June 15, 2013

Why I Choose to Garden

I resisted gardening. As a teen, I wanted to play sports and hang with my friends, not pick strawberries or dig up weeds. (Sorry, Dad. In hindsight, that garden was really great.) As an adult, while my closest friends found contentment in their gardens, I held back. I told myself the story that gardening wasn't for me. My main points of contention: I would start from scratch and make mistakes (perhaps look like an idiot); my yard is huge and the project too big; I'd get hot, sweaty, and dirty (and yet not get a workout--or so was my thinking at the time). Basically, I was stuck in a cycle of perfectionism; I didn't want to try something if I might fail. (Actually, I didn't want to try something unless I knew I'd excel. That was a very constricted place to live.)

But I gained more life tools and experiences, and in that process I gained more wisdom and confidence. Then I didn't mind making mistakes--in fact, that's where I learn the most. Five years ago I began my garden experiment, which continues today. Now I receive great fulfillment and restoration while digging in the dirt. All I needed to do was try.

The Top Ten Reasons Why I Garden:

10. I get to play in the dirt. This brings out my inner-child--the younger one, not the teen that didn't like pulling weeds.

9. I'm surrounded by beauty. Oh, how I love flowers: love the plants, love the buds, love the blooms, love the colors.

8. I get practice with a long-term project. My ego tells me everything must be done at once, but gardening begs for small yearly changes that create big change over the long haul. It's a remarkable lesson.

7. I feel empowered. Digging a bed, moving piles of dirt, dealing with tree roots--these all make me feel strong and alive.

6. I eat freshly-picked tomatoes. The taste of a ripe, just-picked tomato is mind blowing.

5. I'm in nature. No need to travel to a breath-taking state park; I only need enter the backyard and I'm in tune with the natural world.

4. I'm filled with wonder. The plants can grow inches in a single day--how cool is that? And it's only the beginning.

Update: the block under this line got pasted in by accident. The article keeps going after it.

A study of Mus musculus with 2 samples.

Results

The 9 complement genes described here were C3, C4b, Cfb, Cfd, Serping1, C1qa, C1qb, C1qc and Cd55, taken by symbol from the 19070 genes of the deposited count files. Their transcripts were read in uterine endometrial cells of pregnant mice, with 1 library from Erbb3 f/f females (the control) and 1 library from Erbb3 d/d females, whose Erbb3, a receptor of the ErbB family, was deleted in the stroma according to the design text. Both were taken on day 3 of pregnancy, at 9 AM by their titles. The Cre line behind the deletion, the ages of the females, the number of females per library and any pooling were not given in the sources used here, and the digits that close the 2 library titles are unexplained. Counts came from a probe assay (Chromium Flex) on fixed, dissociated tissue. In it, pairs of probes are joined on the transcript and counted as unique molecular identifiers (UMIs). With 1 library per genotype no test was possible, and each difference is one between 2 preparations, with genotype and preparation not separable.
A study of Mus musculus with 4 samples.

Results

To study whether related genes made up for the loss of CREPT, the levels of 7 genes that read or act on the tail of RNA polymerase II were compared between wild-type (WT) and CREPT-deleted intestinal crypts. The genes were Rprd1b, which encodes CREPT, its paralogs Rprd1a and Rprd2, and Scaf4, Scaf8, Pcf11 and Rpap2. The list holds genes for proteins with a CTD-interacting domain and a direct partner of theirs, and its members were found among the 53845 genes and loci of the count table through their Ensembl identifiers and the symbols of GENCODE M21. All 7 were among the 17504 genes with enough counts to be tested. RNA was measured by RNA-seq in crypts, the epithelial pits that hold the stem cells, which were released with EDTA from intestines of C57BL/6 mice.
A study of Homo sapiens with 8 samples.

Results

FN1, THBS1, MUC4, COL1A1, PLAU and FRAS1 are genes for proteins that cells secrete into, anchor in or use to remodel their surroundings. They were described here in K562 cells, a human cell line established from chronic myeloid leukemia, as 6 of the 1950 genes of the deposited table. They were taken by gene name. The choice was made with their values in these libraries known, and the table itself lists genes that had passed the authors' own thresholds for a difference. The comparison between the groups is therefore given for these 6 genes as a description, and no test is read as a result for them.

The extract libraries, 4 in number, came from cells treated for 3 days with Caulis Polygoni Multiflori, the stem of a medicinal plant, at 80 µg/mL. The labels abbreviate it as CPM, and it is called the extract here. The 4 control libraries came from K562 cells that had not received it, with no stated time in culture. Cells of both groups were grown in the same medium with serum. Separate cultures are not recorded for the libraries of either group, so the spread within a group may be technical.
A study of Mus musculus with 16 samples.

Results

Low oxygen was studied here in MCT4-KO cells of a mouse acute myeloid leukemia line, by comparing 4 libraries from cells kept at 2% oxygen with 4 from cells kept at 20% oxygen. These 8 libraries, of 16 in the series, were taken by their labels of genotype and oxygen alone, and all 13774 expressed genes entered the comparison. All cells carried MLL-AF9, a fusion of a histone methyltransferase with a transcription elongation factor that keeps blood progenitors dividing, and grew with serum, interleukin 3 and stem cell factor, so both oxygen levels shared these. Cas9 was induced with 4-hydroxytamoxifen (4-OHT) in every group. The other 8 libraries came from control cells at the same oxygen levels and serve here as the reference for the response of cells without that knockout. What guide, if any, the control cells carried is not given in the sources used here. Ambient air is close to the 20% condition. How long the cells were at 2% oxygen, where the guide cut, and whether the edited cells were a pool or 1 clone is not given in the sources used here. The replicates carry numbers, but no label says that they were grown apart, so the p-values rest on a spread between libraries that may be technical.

3. I learn. Each year I learn something new just by trying something new--sometimes it works out, sometimes it doesn't. And it's all okay.

2. I'm in the moment. When I dig in the dirt, I simply dig; my monkey mind is momentarily quieted.

1. I better understand impermanence. Change is hard, yet life is full of change and uncertainty. The world is in flux. The less I resist this notion, the less I suffer. In gardening I clearly see my attachment to plants: when the weather or rabbits destroy something I've planted, I'm really sad. But lingering in that upset--or trying to control the uncontrollable--adds suffering. Bunnies will eat the plants I just put in the ground. (Dammit.) That's life. It's hard, but it's life. So I try to work with impermanence--some days are better than others.


  1. Thank you for sharing this post Joy! These are exactly the reasons why I chose grounding as my word for 2013 and why I can't wait to become of the owner of an allotment only a 5 minutes walk away from our place, next to the river. How I love to have freshly picked raspberries for breakfast ... :) Wondering what the name of the plant is with the black dots (sort of a fern?): it makes me want to go to the canvas right now :)

    1. elke: so happy that you'll soon have a physical garden in which to ground. the plant is a Remote Wood Fern. i'd love to see you paint it. :)

  2. I keep waiting for a picture of the lilac bush. Is it really growing??